Caitlin Grey (foenix) wrote,
Caitlin Grey

Grey's Movie Reviews: X-Files.

Some brief thoughts on X-Files: I Want to Believe.

I've said that since I heard the title, and the truth is...well, it DIDN'T suck, per se.

However, it wasn't that great either.

When I go to see a movie in the theatres, that was once, or maybe currently is, a television show, I need a good reason to justify my ass being in that seat. There has to be a reason that this is on a big screen, instead of being watched for free in the comfort of my own home. I expect, nay demand, a certain level of spectacle, and you can have spectacle without sacrificing script. There's a bigger budget involved, you can, theoretically, do more.

Unless you're X-Files.

There was nothing I saw that couldn't have been done on tv.

Honestly, this week I also watched Stargate: Continuum, and that was way more deserving of the theatrical treatment than this, and that went straight to DVD.

It was an X-Files story. It had the same direction, actors, lines, level of action, etc. Even the music seemed weak. I'll get to one point there in particular later.

What I watched was a 90 minute X-Files episode. It was better than the worst episodes of the series, and better than most of the last year or two, but there's entire swaths of episodes that are better than this. Almost every season finale would have been better suited for the big screen than this. This was a small screen story, put on a big screen.

If you're a Mulder/Scully shipper, there's a lot to love here. They're together, they kiss, they're in bed, they mention their son...but that's not enough to build a movie on. The relationship is also suitable rocky, as it should be, considering everything they've been through. The character stuff was pretty decent.

Now, I'm gonna spoil what should've been a major event in the film, but apparently the film couldn't be bothered to give it the respect it was do.

Walter Skinner, the often awesome Mitch Pileggi, turns up during the film. His character is a total non-event in the movie. He turns up, and steps into frame, showing us the back of his head, after his name has been announced. And that's it. There wasn't even a musical cue for it, it just kinda...happens. And he serves no real purpose in the movie, aside from being there. A waste of character, and what should have been a big moment for fans, falls flat as he just kinda moseys on in. Maybe I'm expecting too much, but something like that should've been bigger.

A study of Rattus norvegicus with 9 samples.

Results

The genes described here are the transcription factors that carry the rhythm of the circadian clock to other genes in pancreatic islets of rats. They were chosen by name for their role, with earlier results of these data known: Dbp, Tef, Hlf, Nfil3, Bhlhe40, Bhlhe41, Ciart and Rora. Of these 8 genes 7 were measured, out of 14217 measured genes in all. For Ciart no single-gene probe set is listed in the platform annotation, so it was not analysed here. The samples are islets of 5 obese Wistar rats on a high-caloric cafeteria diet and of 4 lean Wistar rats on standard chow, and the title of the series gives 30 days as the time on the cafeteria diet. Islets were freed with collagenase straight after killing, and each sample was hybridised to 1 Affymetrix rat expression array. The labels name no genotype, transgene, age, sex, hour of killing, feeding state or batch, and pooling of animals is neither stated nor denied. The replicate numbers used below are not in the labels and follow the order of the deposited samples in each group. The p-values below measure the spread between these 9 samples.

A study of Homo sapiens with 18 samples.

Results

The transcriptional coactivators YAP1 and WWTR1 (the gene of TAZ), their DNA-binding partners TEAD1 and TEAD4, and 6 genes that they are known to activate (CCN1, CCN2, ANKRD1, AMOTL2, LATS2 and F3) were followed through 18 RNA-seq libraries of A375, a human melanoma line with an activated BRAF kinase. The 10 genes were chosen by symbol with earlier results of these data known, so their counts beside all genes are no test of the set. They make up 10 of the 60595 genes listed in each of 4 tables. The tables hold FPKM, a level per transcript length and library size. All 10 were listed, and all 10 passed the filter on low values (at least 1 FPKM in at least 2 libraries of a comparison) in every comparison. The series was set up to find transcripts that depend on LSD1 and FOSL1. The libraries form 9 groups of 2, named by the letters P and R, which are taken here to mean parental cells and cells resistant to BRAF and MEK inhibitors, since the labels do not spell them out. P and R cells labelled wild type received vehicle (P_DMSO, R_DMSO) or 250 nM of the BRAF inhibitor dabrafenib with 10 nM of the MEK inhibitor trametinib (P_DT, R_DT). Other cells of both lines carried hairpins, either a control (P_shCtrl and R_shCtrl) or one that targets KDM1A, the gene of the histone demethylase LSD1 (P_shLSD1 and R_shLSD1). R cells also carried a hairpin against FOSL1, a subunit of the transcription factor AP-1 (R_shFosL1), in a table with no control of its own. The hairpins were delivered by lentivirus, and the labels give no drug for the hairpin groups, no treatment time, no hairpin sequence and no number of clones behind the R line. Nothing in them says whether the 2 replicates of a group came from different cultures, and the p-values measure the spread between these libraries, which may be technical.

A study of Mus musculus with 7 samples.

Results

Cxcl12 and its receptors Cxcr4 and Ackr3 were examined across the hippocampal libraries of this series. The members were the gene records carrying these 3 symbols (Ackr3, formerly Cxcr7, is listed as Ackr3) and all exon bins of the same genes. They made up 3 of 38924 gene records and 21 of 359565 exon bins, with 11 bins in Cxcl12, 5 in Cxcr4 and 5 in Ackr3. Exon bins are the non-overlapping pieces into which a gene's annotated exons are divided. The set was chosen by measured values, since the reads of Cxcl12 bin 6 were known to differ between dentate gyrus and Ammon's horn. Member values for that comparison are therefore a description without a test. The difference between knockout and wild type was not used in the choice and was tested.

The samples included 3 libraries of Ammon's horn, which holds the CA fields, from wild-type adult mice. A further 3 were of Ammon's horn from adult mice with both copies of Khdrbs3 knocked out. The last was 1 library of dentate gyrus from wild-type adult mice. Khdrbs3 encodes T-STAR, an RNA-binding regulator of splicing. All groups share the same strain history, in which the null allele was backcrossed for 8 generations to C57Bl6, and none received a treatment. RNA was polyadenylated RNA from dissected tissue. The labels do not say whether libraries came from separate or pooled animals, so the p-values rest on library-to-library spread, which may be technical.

Speaking of Skinner's back of the head introduction...this movie loves that shot.

EVERY main character is introduced that way. We first see them from behind, we hear their name, they stay there, FORCING themselves so artifically to not turn around until the absolute precise moment. Sure, it works for tension, and a cool reveal, but to go to the well so many times, in one film, is a mistake. It makes me wonder just how few ideas they had for this film, if they went that way so many times.

I'm not going to get into the overall plot, and let people who want to see the movie discover it on their own, but...I think they found something that may just have been a few hairs over being too weird, even for the X-Files. You expect weird from these guys, but this idea felt SO forced, and SO weird, that it almost throws you out of the movie, and strains credibility.

Yes, a plot idea in X-Files straining credibility. Even moreso than your usual X-Files faire. I wholly realise just what I'm saying there.

I did enjoy the little nodes. Mulder and his sunflower seeds, the pencils in the ceiling, the eponymous poster, Mulder's sister still being a motivational force, and just seeing Mulder, Scully, and Skinner again after so many years...

It just didn't quite come together for me.

Overall, I'd give it a 3 out of 5 psychics. Maybe 3.5. Like I said, better than the worst, but worse than the best. It truly defines average. And not worth a theatrical experience. I'd say 3.5 if you're a fan, and miss your old friends.